Iconic Ads: Vicks Cough Drops – Khich Khich Dur Karo
Simple & insightful thinking plus the use of love between the father (as opposed to the routine use of the mother) & daughter.
In the early 1980s, it was drug regulation & then pharma ban, Vicks has been through a lot.
In the late 1980s, Vicks was moved from Over Counter (OTC) product to a prescription based one because of the usage of methyl salicylate. But it changed by using the oil of wintergreen which contained methyl salicylate. To top it all, it called itself ayurvedic & stayed an OTC
Vicks has always been associated with “taking care”, which is shown in the TVCs where it does not sell products, but show mother’s love & care – an element of an endearing moment of love & care between mother & child
Richardson Hindustan (later P&G) commissioned OBM (Ogilvy) to create the advertising for Vicks cough drops. Simple & insightful thinking plus the use of love between the father (as opposed to the routine use of the mother) & daughter.
There was a worldwide effort that started in Japan in the 1980s that was adopted around the world. The campaign was dubbed “Ahemm bug” in the United States and other English-speaking nations because the bug was known as such in those countries.
Bharat Patel was then heading marketing at RHL. At OBM, Piyush Pandey was in client servicing, Suresh Mullick was the national creative head, and Vinod Sharma (also a famous Voice Over artist) was the Hindi copywriter. All of them got into a discussion. The OBM creative team was clear that Ahemm bug will not work in India. Patel opined that in India, whenever we got irritated, we say “khich khich ho gaya.’” Everyone agreed that the relevant words for India were Khich Khich. Also, this seemingly insignificant but very easy-to-understand phrase “khich-khich.” (instead of Kharash – throat irritation), words not from a dictionary made people easily understand.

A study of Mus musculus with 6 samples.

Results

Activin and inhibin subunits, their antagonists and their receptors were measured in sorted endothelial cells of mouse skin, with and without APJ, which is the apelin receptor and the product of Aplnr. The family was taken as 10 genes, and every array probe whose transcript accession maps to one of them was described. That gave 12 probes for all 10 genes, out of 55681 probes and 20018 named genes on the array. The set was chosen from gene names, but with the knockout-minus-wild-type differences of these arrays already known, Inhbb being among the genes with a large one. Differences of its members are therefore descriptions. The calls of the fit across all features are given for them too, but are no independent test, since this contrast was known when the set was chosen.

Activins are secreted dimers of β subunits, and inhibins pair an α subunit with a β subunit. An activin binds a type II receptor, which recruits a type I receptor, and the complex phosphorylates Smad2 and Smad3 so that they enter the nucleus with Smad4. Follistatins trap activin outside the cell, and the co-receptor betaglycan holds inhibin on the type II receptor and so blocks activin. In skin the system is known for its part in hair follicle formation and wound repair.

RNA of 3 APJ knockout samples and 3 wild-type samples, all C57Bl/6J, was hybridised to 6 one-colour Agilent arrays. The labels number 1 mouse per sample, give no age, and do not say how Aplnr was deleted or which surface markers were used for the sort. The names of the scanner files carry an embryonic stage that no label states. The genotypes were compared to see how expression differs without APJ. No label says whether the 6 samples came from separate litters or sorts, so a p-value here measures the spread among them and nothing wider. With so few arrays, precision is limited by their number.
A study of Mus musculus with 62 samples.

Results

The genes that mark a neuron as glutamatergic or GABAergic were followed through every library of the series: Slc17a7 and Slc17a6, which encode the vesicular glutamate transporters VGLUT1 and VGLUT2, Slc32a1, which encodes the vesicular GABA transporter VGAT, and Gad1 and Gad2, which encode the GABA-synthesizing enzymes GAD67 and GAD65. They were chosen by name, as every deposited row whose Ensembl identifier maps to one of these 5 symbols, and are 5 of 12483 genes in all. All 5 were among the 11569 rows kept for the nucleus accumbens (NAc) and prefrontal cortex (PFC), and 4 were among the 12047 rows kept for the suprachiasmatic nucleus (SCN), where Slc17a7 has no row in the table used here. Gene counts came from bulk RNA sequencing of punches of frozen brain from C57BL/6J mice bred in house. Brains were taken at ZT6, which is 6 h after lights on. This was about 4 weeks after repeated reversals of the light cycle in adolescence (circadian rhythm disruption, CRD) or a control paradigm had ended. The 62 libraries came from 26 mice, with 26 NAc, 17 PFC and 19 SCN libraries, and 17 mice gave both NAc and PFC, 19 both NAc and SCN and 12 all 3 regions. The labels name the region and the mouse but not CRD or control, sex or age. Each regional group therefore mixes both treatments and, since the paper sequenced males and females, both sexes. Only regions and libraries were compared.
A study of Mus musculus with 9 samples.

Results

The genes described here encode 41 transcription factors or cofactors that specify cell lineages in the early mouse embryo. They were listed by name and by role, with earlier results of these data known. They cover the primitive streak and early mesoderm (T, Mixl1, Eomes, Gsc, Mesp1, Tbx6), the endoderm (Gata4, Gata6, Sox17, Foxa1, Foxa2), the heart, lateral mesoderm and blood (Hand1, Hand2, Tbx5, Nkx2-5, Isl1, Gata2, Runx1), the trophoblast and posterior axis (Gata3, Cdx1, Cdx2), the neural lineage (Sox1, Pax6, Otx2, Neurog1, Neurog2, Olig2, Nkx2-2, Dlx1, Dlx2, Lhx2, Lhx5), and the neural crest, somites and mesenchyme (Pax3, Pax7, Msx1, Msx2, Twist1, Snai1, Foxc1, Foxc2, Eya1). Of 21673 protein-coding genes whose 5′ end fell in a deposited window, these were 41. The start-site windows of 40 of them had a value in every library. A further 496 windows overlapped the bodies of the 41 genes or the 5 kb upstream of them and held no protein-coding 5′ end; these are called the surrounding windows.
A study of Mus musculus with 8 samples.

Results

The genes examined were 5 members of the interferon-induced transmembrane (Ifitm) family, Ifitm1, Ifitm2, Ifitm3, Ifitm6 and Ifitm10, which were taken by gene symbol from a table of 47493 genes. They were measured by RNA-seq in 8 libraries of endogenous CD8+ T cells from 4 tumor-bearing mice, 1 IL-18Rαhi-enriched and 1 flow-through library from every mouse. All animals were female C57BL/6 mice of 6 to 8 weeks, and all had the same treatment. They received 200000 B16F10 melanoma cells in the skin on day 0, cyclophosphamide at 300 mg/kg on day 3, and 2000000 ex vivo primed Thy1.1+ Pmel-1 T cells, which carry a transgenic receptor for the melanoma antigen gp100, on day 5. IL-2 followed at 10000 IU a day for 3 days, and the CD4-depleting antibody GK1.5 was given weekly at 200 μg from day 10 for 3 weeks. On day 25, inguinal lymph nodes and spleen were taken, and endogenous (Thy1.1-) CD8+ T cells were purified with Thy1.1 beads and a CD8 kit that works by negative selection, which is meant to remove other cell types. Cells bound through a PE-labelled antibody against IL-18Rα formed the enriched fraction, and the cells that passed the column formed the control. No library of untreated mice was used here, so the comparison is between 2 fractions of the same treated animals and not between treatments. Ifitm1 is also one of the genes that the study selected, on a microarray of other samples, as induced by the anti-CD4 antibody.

Ogilvy roped-in famous actor Jayant Kripalani & a kid for the film directed by Suraj Rai. His baritone voice & the kids’ impishness appealed to a large audience. Coincidentally the kid was Ishita Arun (daughter of Ila Arun, niece of Piyush Pandey). The script in English was written by Suresh Mullick and the Hindi one by Vinod Sharma. The voice-overs were by Harish Bhimani (for Jayant) and Vinod Sharma.
In 1983, the commercial was pulled off the air because it showed her winking at her father and the rules of the time forbade a woman to wink on TV. It was noticed by the client who informed OBM. This Khich Khich was sorted out by Roda Mehta who actually asked how a kid and a woman could be compared!